In this Cowboys Chat, we’ll discuss the Cowboys receivers, specifically addressing their individual weaknesses.
The Dallas Cowboys passing game took a hit last season, underperforming across the board and casting doubt on the future of Dallas’ top-three receivers.
We’re focusing on their individual weakness here in this Cowboys Chat:
Q: Dez Bryant was disappointing in 2017, to say the least. It looked like his skills eroded to the point he’s no longer a No.1 WR in this league and may have even played his last game with the Cowboys. Is that an accurate assessment?
A: I don’t believe it is. Dez is now 29 so to say his skills are eroding is scientifically correct to some degree but I don’t think it’s what led to his disappointing 2017 season. The number one thing that hurt Dez Bryant in 2017 was Dez Bryant’s attitude. That sounds like an oversimplification but let me explain…
As we all saw last season, the routes by Cowboys receivers were pretty predictable. It allowed opposing cornerbacks to sit on them and contest virtually every reception. Combine that with Dak Prescott’s less-than-accurate throws and you have a very frustrating situation for Dez.
Dez Bryant, arguably the most emotional player in the NFL, let that get to him. You could see it, not only on the sideline, but in the way he played. He pouted and mailed it in far too many times. Bob Strum collected film on all of his drops and highlighted how little effort Dez gave to some balls. Dez Bryant of 2015 wouldn’t have done that.
He’s never been a burner so he’s always relied on other skills to create separation. And through the NFL’s next gen stats, we can see he created separation again in 2017 (on par with the rest of the NFL’s top receivers). His jump ball skills were also top-notch in 2017. It just seemed if the ball wasn’t in the endzone Dez didn’t try as hard.
I think Dez has been humbled. Now the question is does he respond the right way. If Dez gives his best effort, I believe he’ll be a true No 1 receiver. If he continues to let frustration rule his play, we’ll see a repeat performance.
Q: It seems Cole Beasley was exposed last season and now everyone knows how to eliminate him from the passing game.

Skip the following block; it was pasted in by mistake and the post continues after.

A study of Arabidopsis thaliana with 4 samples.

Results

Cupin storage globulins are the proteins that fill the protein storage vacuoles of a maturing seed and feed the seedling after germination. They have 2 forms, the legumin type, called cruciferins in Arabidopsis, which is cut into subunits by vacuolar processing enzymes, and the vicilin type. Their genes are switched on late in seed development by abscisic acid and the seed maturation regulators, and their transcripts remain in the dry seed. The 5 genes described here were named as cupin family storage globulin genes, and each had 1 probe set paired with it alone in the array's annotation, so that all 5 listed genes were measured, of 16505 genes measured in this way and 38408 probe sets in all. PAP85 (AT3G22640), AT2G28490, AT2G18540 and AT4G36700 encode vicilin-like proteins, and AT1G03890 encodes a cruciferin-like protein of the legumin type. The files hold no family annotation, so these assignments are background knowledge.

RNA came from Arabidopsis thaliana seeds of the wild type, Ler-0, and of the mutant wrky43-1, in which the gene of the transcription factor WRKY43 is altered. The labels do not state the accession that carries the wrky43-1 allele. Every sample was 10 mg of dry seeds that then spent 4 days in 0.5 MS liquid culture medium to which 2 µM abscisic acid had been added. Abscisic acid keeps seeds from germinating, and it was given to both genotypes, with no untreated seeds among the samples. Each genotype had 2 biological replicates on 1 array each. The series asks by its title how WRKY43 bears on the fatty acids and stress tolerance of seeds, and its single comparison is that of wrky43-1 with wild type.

A: Once again, I think the Dallas coaching staff was exposed for being too predictable. Beasley’s routes were even more predictable than Bryant’s. Teams essentially doubled Bease all season (pinching him with zone sometimes as well) and focused on taking away the out routes. See below for his dominance in 2016:
Out-breaking routes are Beasley’s specialty and it’s something I highlighted before the season began. Clearly other teams saw this as well and game-planned accordingly. The Cowboys coaching staff never adapted and Beasley was neutralized.
Beasley can be a force in 2018 if he works the middle and seam a little more. The Cowboys never let him operate up field so DBs never need to worry. Bease doesn’t have the size or skill set to play outside at the X or Z but he can be used down field more. That’s the secret to his success in 2018 because it will open up things underneath.
Q: Terrance Williams was a bust last year. Is it time to get rid of him?
A: Williams had a terrible year, there’s no question about that. But he’s relatively affordable and will be given one more chance to prove himself in 2018. Besides, If the Cowboys cut him this year, they’ll suffer a $7.25M cap hit. That makes zero sense.
If Dez’s biggest issue was effort, Williams ‘ biggest issue was consistency. Watching him run routes is frustrating because you never know if Williams is going to do it well or mail it in. I think he relaxed last season and it showed. If Dallas brings in competition for Williams at the Z, it could really light a fire and produce excellent results.